Everything Rad: Top Blogs in Radiology and Healthcare IT in 2017
As we welcome the New Year, we pause to look back at some of our most well-received posts about radiology and healthcareIT in 2017. Topics that interested our readers the most were practices and research by their peers to improve the quality of diagnostic images; the role of artificial intelligence and big data in radiology, ways to increase revenue in orthopaedic imaging, and evolving practices to keep the patient at the center of medical care.
Capturing quality chest X-rays on a critically ill patient in the antero-posterior (AP) projection is challenging. However, Liverpool Heart & Chest Hospital (LHCH), is achieving optimum mobile chest images with its structured O to U Approach. The hospital, which performs approximately 45 to 50 mobile chest X-rays daily, shares their approach in this informative blog. For strategies to avoid diagnostic pitfalls in head and neck imaging, read the blog by radiologists at Hospital Universitario Severo Ochoa.
In the beginning of 2017, we shared Carestream’s plans to push the boundaries of engineering innovation in radiology. The four main areas we set our sights on were accelerating processing speed, expanding the parameters of 3D and 4D to create better images for improved diagnostics in radiology, capturing images at the right place and at the right time to help provide better patient care and at less cost, and automating workflow to help reduce acquisition scan time.
Another popular blog in 2017 focused on patient-centered care. Though it has been long discussed, the healthcare practice as a whole is not where it should be as far as being patient-centered. Many hospitals still have more of a practitioner-focused approach. In this type of approach the diagnosis, planning, and treatment all come from the clinician’s own perspective based on his or her education and experiences. Also, many of the standard metrics employed by healthcare institutions were created by physicians and thus focus on information they found meaningful, not taking into account the patient’s satisfaction.
In order to move to a patient-centered system, every decision needs to revolve around the patient and focus on their satisfaction. We explore this topic in-depth in a three-part blog series: Understanding True Patient-Centered Care in Radiology; Patient-Centered Care and the Radiologist; and Patient-Centered Care and the Radiology Technologist.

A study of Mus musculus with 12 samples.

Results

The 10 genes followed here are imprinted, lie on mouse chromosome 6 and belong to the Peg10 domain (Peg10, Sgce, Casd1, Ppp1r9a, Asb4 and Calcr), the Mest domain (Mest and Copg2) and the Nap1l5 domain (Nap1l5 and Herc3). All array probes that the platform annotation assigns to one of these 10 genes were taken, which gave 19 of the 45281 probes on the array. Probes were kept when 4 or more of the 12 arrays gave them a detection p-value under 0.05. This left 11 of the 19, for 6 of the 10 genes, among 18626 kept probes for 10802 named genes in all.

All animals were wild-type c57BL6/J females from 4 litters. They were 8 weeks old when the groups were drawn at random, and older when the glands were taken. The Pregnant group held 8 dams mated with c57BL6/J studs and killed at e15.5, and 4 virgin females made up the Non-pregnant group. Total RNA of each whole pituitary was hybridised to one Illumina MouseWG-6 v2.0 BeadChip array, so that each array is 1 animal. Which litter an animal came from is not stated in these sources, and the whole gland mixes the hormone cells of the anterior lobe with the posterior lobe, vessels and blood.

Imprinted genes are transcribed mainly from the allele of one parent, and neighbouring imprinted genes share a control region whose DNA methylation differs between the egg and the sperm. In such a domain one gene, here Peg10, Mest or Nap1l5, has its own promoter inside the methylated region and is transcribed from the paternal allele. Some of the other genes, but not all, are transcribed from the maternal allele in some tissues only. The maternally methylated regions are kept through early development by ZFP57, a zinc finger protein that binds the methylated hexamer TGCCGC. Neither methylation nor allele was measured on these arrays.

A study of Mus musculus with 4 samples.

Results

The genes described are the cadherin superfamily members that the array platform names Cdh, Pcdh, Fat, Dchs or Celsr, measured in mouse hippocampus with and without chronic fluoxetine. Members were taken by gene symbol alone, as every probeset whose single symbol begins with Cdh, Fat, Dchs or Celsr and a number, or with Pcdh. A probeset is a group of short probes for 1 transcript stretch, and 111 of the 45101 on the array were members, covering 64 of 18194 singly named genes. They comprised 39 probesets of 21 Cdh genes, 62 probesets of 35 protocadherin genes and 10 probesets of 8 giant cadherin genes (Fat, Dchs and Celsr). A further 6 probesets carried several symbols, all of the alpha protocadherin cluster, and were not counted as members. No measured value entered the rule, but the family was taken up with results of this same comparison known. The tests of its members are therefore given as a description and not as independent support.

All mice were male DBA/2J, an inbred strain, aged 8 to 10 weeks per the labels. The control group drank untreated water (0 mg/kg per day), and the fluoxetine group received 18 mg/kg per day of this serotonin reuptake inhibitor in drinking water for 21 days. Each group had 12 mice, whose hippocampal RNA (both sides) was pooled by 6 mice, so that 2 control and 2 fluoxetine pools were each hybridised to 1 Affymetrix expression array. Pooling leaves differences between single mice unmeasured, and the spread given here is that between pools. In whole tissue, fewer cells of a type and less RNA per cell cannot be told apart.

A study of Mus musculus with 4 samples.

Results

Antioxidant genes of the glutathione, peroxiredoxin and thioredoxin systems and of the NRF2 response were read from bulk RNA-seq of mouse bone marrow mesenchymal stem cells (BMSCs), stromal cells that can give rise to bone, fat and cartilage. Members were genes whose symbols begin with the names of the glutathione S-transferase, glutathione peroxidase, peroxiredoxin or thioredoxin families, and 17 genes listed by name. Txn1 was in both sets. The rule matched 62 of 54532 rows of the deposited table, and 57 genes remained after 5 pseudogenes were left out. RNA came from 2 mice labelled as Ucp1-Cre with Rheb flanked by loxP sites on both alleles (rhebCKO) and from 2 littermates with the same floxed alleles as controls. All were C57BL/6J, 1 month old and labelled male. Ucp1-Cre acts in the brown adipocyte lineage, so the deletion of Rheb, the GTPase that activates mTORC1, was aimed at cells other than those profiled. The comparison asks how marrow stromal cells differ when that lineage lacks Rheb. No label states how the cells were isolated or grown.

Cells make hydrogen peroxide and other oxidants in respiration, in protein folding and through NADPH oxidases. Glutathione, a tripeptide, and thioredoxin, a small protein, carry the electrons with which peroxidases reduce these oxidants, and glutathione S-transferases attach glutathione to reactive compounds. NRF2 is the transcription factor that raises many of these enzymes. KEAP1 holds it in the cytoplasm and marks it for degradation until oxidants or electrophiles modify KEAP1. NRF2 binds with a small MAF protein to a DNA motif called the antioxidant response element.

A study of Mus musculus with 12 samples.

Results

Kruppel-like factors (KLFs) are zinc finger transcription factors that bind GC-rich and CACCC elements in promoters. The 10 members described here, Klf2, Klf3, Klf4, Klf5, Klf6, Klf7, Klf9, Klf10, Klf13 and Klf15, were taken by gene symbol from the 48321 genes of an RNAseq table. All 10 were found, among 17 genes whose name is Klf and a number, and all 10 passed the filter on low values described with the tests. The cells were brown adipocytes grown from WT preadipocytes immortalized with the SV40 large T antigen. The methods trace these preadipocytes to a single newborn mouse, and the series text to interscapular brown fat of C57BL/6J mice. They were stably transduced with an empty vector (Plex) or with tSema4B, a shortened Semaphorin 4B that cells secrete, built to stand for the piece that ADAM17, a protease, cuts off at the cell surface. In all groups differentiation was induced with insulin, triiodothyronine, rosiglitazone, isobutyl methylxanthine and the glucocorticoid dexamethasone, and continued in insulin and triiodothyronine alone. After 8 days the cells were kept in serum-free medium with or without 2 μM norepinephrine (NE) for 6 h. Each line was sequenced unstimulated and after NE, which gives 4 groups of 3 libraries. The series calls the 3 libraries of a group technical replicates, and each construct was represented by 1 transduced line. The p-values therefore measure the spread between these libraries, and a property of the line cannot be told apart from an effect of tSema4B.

Understanding the financial impacts of purchasing imaging equipment is important for any orthopaedic practice. The Carestream OnSight 3D Extremity System is a relatively new Cone Beam CT scanner that is designed for daily extremity evaluation. This equipment can help improve patient care in orthopedic practices, but understanding the economic implications of investing in it is important. Carestream conducted a study with four orthopedic practices, ranging in size from seven surgeons to over one hundred. The study found that investing in the OnSight 3D Extremity System should prove profitable for a large number of orthopedic groups, with most practices achieving positive cash flow in the first year of implementation.
Some people see the development of artificial intelligence (AI), Big Data, and robotics as a threat to the radiology profession. However, Dr. Pablo Valdés, vice chairman of the Spanish Society of Medical Radiology, counters that the radiology profession has long been able to adopt technological advancements and use them to better the practice. He believes that pattern will continue with the innovations of AI and Big Data. Additionally, he sees radiologists becoming more like information managers and image processing specialists. Watch Everything Rad for more articles on this topic in 2018.
Properly evaluating flow in vessels is critical for hemodynamic evaluation and measurement. However, conventional Doppler ultrasound can only provide a partial picture. A persistent limitation has been the angle of insonation for Doppler examinations.
In this blog, the University Clinic in Regensburg describes their experience with the Touch Prime Ultrasound System which overcomes the angular restriction by generating a part of the ultrasound vibration that is at a right angle to the beam. Over the course of more than 200 patient examinations, they found that Smart Flow enabled sonographers to capture accurate representation of the blood flow in all directions. Smart Flow also increased their workflow because they did not have to manipulate the transducer to find the exact right angle. Read the related blog on Infection Control in Ultrasound.